Kids Are Losing Health Care Due to Red Tape. Why Don’t School Leaders Speak Up?
Haspel: Children don't learn well when they are sick or in pain. But 5 million are being left uninsured as states scramble to purge Medicaid rolls.
Kids are caught up in a chaotic process known as Medicaid unwinding. During COVID, states were not permitted to disenroll anyone, but since December’s congressional budget deal, they have been engaged in rapidly redetermining the eligibility of everyone enrolled in Medicaid or the related Children’s Health Insurance Program (CHIP).
Instead of merely removing individuals now above the income eligibility limits, a horrifying number of people — fully 75% of those losing coverage — have been thrown off Medicaid for procedural reasons. These include people not returning paperwork because, among other things, states sent it to old addresses, technology problems prevented them from updating their information or they were confused about the process. Many state support call centers are slow or faulty, resulting in high rates of abandoned calls when people try to get assistance in proving they remain eligible.
A huge portion of those affected are children. In states that break out data by age band, kids make up an average of one-third of all disenrolled. That average hides wide variation; children make up more than half of the disenrolled in Georgia, Missouri and Idaho, and more than 40% in Minnesota. As Joan Alker, executive director of Georgetown’s Center for Children and Families, told the Los Angeles Times, “We are expecting children to take the biggest hit here. They’re not going to have somewhere else to go.” Indeed, the center’s data shows kids do not appear to be moving in substantial numbers to other health insurance programs: in other words, these disenrollments will leave many children uninsured.
The issue’s complexity can mask its very real impact on kids. Medicaid and CHIP cover medical, dental and vision needs. Without it, lower-income children have little access to everything from routine well-child visits and vaccinations to eyeglasses and care for a painful cavity — and that doesn’t include the significant number of kids with chronic medical conditions. Even if a child is lucky enough to remain healthy, another family member needing medical attention while uninsured can quickly disrupt the stability of entire households.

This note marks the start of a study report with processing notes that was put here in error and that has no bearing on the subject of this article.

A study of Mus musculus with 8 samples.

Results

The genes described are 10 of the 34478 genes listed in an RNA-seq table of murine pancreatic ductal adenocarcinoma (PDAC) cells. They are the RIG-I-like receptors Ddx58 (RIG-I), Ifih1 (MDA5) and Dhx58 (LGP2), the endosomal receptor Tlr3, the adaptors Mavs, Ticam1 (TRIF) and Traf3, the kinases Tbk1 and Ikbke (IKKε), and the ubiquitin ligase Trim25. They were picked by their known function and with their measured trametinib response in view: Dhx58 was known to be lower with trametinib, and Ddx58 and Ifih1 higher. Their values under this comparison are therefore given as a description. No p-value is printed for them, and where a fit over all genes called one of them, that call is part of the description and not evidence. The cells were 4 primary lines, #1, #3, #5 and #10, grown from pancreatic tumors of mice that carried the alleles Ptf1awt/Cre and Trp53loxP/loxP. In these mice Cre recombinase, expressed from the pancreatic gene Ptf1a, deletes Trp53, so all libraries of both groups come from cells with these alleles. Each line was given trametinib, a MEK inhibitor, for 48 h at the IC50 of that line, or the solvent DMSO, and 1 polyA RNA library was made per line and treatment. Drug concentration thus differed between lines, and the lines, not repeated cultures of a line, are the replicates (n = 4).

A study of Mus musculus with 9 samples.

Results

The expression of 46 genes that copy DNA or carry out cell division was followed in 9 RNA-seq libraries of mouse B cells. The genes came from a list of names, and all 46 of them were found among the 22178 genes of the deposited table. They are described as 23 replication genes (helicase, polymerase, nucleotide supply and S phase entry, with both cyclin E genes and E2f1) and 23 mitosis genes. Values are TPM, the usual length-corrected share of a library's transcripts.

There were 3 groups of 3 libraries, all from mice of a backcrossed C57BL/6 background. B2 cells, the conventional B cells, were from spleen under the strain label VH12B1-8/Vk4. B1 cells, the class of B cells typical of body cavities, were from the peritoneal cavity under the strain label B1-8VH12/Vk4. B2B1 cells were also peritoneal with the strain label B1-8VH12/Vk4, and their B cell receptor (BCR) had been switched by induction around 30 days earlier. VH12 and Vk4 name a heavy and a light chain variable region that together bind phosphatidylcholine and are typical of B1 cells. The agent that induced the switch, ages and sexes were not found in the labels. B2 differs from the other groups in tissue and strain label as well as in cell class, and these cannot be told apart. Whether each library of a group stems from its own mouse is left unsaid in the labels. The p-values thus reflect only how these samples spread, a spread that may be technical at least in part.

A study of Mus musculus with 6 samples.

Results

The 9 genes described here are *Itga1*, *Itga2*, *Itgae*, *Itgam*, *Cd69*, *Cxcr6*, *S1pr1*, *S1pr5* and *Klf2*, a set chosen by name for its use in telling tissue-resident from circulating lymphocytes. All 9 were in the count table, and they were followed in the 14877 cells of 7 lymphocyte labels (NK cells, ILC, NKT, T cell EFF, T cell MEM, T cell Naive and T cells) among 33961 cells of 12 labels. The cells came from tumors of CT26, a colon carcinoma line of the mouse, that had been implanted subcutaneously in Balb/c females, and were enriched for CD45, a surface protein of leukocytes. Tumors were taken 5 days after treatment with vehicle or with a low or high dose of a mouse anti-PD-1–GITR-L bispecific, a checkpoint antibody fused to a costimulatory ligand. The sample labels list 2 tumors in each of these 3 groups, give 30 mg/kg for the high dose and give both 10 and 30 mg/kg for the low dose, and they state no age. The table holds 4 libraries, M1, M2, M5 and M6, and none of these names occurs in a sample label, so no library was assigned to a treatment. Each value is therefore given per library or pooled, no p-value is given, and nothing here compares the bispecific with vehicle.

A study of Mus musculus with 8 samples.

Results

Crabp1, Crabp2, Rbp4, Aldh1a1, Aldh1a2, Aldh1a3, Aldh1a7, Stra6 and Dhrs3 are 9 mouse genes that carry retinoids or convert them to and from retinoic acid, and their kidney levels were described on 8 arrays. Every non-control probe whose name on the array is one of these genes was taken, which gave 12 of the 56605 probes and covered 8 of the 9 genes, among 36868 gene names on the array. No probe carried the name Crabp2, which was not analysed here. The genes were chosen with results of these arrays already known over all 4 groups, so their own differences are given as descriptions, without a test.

This should be a five-alarm fire for education leaders still contending with the impacts of the pandemic. There is even an extra element of self-interest for schools: as Education Week reported, schools commonly use students’ Medicaid to get reimbursed for things like mental health and special education services, making it the “third or fourth largest federal funding stream for many schools.” District budgets therefore stand to take a hit from wrongful disenrollments.
Yet despite all this, figures from superintendents to teachers union heads have been almost entirely silent on the issue. A review of the websites of the major associations for principals and superintendents, as well as the two main teachers unions, reveals no statements or official stances. I have not been able to find a single example of an education leader suggesting that states pause procedural disenrollments of children until they can ensure that none are being erroneously removed from the rolls.
To be fair, schools do seem to see a role for themselves in communicating with and helping parents navigate the recertification process. The Centers for Medicare and Medicaid Services released a toolkit for early childhood education and K-12 providers, with items like template letters and robocall scripts. That is all well and good, and districts should be applauded for implementing these measures. But knowing about the need to update your address does little when you can’t submit information on a broken state website or states still mail forms to an outdated address.
Almost all states have proven themselves unable to effectively execute the unwinding process fairly and in a way that minimizes errors. For example, many have been using parents’ income to determine children’s eligibility for Medicaid even though the threshold for kids is much higher. This proved so harmful that the centers recently demanded that the states make amends, including options of pausing disenrollments or automatically granting all children an extra year of eligibility. Such an extension would buy time to correctly contact families, work out technical problems, meet call center demands and increase the number of accurate automatic renewals.
Some states, like Minnesota, have imposed a temporary pause on procedural disenrollments. More widespread and longer moratoria, however, will not occur without public pressure; states, the Biden administration and Congress all have a role to play. Children’s health advocates and medical groups have been sounding the alarm, but they need help. The education sector is large and powerful. Now is the time for its leaders to stand up and be heard: Not one more child should lose health coverage because of red tape.